Advent is here! Advent - Latin for possibly the most important prayer for Christians to pray – “Come.” Advent, as of today, has begun! For the Church, the fourth Sunday before Christmas (anywhere from Nov 27 - Dec 3) is the day that represents their New Year’s Day.
Don’t you find that odd, though?
Shouldn’t the Christian calendar begin with the actual birth of Jesus? Shouldn’t our New Year’s celebration break forth on Christmas Day rather than some random Sunday four weeks prior?
This seems off.
Christians have marked the very orientation of time itself with the birth of Jesus. Every year before Christ’s coming counts down towards Him. Every year after His birth counts up from Him. So why in the world do we not mark the start of our year with the day of His birth?
But I find it so very fitting.
There is a history behind all of this that is worth visiting at some point, but I just want to offer a word of affirmation of how appropriate it is that the Christian year kicks off not with a flash and a bang and a commemoration of a great event but with a season of quiet expectation, a time of desperate yearning for things that are to come. No fireworks, no champagne, no parties. Nope. We begin our year with anticipation, expectation, and an aching hunger for things to come.
How perfect is it that the Christian year begins with longing, with anticipation, with waiting?
Despite the abundance of religious kitsch that disappointingly floods the shelves at local Christian bookstores, the biblical affirmation is that the world is utterly and completely unfair, unjust, broken, and dark. For conversation partners in this pray the psalter (esp. 88), have coffee with Job, and look over Paul’s medical records. Any quick attempt to wrap a pretty bow on life’s problems, any “it’s all going to be okay,” any pithy “God just wanted another angel in heaven” doesn’t honestly deal with the ugliness and darkness that pervades our world – nor the senselessness of most of it.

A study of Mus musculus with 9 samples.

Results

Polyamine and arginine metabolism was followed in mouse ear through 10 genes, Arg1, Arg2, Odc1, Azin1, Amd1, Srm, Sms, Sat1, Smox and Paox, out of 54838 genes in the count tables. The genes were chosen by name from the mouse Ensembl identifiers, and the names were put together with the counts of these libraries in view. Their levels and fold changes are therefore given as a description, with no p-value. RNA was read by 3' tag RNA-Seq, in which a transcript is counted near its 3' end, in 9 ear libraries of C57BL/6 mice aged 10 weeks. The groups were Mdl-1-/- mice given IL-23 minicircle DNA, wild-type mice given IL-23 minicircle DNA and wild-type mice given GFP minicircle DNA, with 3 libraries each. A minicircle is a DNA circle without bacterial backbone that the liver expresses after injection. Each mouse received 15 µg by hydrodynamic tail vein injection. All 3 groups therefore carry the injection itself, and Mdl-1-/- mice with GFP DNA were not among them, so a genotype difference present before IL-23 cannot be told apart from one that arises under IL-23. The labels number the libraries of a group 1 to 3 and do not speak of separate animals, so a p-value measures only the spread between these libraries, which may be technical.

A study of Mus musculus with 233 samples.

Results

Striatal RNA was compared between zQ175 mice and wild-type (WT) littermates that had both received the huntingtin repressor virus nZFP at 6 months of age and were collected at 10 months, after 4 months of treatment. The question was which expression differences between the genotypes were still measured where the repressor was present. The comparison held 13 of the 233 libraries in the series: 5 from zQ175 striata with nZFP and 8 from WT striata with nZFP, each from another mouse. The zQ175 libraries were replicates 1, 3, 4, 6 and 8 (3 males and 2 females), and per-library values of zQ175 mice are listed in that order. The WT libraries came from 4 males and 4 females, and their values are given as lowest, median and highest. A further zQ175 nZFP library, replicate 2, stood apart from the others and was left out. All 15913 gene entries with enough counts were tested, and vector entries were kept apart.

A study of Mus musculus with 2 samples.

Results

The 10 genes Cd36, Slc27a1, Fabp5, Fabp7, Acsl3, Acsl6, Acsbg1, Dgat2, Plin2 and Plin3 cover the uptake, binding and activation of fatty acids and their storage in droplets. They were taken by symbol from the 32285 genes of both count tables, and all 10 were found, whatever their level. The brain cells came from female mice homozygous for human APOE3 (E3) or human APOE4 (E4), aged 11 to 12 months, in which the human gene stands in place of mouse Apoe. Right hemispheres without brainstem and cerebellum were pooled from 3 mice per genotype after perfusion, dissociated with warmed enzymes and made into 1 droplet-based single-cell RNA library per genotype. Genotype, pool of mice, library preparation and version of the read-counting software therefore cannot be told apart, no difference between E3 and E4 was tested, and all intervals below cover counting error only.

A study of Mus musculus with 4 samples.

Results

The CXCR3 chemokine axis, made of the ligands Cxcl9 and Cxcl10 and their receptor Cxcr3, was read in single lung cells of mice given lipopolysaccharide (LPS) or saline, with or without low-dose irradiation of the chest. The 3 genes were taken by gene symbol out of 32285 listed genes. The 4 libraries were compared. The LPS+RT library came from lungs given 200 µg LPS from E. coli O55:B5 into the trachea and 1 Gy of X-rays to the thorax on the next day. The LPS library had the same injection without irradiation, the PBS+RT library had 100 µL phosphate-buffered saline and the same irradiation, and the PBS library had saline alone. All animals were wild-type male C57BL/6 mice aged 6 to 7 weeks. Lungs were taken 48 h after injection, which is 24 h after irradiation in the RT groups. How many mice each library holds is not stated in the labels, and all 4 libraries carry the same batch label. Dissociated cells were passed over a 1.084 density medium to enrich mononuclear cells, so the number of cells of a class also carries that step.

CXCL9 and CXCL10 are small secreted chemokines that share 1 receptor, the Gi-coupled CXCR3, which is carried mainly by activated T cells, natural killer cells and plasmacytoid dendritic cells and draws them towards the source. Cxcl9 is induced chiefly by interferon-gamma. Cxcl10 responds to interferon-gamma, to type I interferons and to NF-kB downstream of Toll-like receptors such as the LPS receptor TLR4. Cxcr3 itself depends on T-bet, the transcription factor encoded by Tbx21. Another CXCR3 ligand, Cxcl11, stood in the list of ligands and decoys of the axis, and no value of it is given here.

Our year begins with longing partly because our world is full of darkness.
Our year begins with longing mostly because we are a people of hope.
And we can’t be this without confidently affirming two things. One, the world is screwed up and so are we. If this were not true there would be no need to hope for something else. If all is well, hope is not needed. The other affirmation is that God is alive and He is at work. We hope in God’s light in the midst of great darkness.
The Christian life is a daily tension between the "already" and the "not yet." We celebreate and enjoy that God has already loved us, He has already saved us, and that we are already walking in His Kingdom. Yet we also know that we have not yet tasted the fullness of unhindered, untarnished love. We have not yet been fully saved from sin and death. We have not yet experienced the coming of His final Kingdom.
To get too far into affirming the “already” is to not admit the reality of starving children, broken marriages, bodies ravaged by cancer, lives ruined by addiction. To get too far into affirming the “not yet” is to miss the power of God’s Spirit, the foretaste of resurrection, and the beauty of God’s transformative redemption taking place among us.
That is why Advent represents one of if not THE most important celebratory affirmation and yearning prayer for Christians – come.
We joyfully say:
Jesus has come into our world to forgive and reconcile and redeem!
The Kingdom has come among us and has renewed and restored us!
The Spirit has come into our lives to transform and remake us!
And yet we cry from the depths of our souls…
Jesus, O Jesus, please come into our world.
So much pain. So much confusion. Please come.
Kingdom come, please come among us.
So much violence. So much darkness. So much hunger and death.
Spirit of the Living God come!
Make us whole! Set us free! Heal our diseases!
As my favorite Christmas song cries, "Come, O Come, Immanuel and rescue captive Israel."
I really like that our year starts with longing. We need to be reminded that our worship, our spirituality, and our faith are expressed in the yearning for a new world, a new Kingdom, and a new life.
Along with Charles Wesley's famous words written so long ago we say,
“Come, thou long expected Jesus, born to set thy people free;
from our fears and sins release us, let us find our rest in thee.”
We join the church in a prayer she's prayed for hundreds of years, “Even so, Come Lord Jesus!”
We echo The Prayer Jesus gave His people, "Your Kingdom come..."
And we shout in agreement with the prayer that closes out the Bible, "Amen. Come Lord Jesus!"
This Advent spend less, give more, and, most importantly, worship the One who has come and yearn for the One who is to come.